Start Date

23-8-2022 7:00 PM

End Date

23-8-2022 8:00 PM

Subjects

Standards, Formative evaluation, Online tests, Pilot projects, Performance, Teacher opinions, Primary secondary education

Abstract

Assessing learners’ performance makes very different demands upon teachers depending on the purpose and the context of the assessment. But common to all assessment is some sense of what ‘quality’ looks like. Most often teachers engage in formative assessments in the classroom, and the familiar standards of the classroom are adequate for this purpose. However if teachers are to undertake external, nationally regulated assessment then some sense of a national standard of quality is required. But there are very limited mechanisms by which teachers can acquire this understanding, so they use their best judgement, and standards vary from school to school not because anyone is attempting to cheat the system but simply because they cannot know what the real national standard is. It is for this reason that regulated examination bodies follow some process such as the following from the State Examinations Commission (SEC) in Ireland. ‘… teacher estimated marks will be subjected to an in-school alignment process and later a national standardisation process’. (SEC, 2021). How much simpler it would all be if teachers had – as a matter of normal practice – access to, and familiarity with, work from a national sample of schools, not just their own classroom. Adaptive Comparative Judgement (ACJ) is an online assessment tool that has been used for some years, principally as a formative tool for learners (e.g. Bartholomew et al., 2018; 2019). This presentation reports on a study of the new ACJ Steady State tool from the same stable. The purpose of the new tool is to solve the problem of variable standards across schools by enabling teachers to make paired judgements of work from multiple schools and thereby evolve and agree standards of performance beyond their own school. The current study is operating in Ireland with a group of schools, a university, and the SEC. The anticipated outcomes include 1) better consistency of performance standards across schools in the research group and 2) greater understanding of and confidence in assessment judgements by the teachers. If ACJ has proved to be a powerful formative assessment tool for learners, ACJ Steady State is designed to be a formative assessment tool for teachers, helping to inform and support their assessment judgements.

Place of Publication

Melbourne, Australia

Publisher

Australian Council for Educational Research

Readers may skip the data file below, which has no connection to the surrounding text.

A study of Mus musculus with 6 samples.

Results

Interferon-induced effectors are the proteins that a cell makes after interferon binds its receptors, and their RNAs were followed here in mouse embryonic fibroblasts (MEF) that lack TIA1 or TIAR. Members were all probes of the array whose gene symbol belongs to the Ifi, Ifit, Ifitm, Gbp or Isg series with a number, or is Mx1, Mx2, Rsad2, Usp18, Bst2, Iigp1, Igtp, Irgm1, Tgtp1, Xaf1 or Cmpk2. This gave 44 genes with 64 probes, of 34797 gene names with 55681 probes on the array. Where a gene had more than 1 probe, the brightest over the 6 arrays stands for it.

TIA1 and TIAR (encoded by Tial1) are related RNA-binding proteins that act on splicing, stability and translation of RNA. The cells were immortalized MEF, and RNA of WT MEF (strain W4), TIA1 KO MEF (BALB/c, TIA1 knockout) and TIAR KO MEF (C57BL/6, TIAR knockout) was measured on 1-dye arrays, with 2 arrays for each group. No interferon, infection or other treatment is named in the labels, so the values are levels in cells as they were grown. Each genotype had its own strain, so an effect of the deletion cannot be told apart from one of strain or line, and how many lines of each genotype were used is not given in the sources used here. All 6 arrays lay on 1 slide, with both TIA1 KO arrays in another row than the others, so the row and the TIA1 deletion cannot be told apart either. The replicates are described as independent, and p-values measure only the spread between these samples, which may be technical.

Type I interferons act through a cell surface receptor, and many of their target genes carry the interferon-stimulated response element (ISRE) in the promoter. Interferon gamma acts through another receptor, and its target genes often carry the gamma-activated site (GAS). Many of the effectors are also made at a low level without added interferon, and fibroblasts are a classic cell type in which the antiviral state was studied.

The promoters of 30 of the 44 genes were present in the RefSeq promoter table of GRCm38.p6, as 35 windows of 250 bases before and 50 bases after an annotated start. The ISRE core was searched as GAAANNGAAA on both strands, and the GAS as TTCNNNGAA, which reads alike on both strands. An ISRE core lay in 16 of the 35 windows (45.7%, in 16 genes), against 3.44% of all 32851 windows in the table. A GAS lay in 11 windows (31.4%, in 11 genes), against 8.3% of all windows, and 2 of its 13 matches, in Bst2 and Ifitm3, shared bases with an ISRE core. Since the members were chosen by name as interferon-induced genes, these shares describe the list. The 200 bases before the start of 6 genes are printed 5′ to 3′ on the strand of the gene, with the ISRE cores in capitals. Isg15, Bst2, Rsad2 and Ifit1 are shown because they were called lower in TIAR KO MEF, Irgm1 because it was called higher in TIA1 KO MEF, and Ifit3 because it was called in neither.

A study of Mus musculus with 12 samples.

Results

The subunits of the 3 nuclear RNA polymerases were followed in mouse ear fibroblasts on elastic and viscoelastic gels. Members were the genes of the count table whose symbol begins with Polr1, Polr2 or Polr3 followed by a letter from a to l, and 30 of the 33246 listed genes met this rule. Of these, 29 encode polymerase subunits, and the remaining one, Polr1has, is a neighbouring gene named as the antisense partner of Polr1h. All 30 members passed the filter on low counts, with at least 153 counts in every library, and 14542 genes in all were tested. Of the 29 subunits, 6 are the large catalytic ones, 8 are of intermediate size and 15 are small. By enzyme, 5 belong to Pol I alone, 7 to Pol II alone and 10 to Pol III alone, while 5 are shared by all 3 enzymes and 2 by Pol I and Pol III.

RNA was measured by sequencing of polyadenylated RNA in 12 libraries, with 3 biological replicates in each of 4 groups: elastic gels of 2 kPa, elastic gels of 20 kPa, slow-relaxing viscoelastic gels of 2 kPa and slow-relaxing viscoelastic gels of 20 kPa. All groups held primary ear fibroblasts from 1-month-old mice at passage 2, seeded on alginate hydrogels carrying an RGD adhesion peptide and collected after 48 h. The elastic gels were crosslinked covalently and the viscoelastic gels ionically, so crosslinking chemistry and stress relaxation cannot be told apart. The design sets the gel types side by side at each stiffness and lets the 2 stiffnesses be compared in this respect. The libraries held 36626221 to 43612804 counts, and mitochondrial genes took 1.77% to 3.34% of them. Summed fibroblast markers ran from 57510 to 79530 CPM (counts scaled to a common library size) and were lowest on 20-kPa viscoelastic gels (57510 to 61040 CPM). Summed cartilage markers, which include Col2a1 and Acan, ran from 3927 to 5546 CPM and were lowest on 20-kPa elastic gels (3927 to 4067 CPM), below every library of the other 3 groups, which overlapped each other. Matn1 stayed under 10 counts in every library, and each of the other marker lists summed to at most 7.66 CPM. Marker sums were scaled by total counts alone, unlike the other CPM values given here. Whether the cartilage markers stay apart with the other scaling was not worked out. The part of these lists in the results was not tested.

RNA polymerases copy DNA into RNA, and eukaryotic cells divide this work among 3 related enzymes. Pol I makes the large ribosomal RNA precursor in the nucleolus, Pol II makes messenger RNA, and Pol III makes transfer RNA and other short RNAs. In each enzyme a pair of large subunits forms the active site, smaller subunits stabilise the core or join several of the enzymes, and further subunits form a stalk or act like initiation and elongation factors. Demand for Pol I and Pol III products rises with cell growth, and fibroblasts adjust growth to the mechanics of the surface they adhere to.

ISBN

978-1-74286-685-7

DOI

https://doi.org/10.37517/978-1-74286-685-7-6

Geographic Subject

Ireland, United Kingdom


Sharing and securing learners' performance standards across schools

Assessing learners’ performance makes very different demands upon teachers depending on the purpose and the context of the assessment. But common to all assessment is some sense of what ‘quality’ looks like. Most often teachers engage in formative assessments in the classroom, and the familiar standards of the classroom are adequate for this purpose. However if teachers are to undertake external, nationally regulated assessment then some sense of a national standard of quality is required. But there are very limited mechanisms by which teachers can acquire this understanding, so they use their best judgement, and standards vary from school to school not because anyone is attempting to cheat the system but simply because they cannot know what the real national standard is. It is for this reason that regulated examination bodies follow some process such as the following from the State Examinations Commission (SEC) in Ireland. ‘… teacher estimated marks will be subjected to an in-school alignment process and later a national standardisation process’. (SEC, 2021). How much simpler it would all be if teachers had – as a matter of normal practice – access to, and familiarity with, work from a national sample of schools, not just their own classroom. Adaptive Comparative Judgement (ACJ) is an online assessment tool that has been used for some years, principally as a formative tool for learners (e.g. Bartholomew et al., 2018; 2019). This presentation reports on a study of the new ACJ Steady State tool from the same stable. The purpose of the new tool is to solve the problem of variable standards across schools by enabling teachers to make paired judgements of work from multiple schools and thereby evolve and agree standards of performance beyond their own school. The current study is operating in Ireland with a group of schools, a university, and the SEC. The anticipated outcomes include 1) better consistency of performance standards across schools in the research group and 2) greater understanding of and confidence in assessment judgements by the teachers. If ACJ has proved to be a powerful formative assessment tool for learners, ACJ Steady State is designed to be a formative assessment tool for teachers, helping to inform and support their assessment judgements.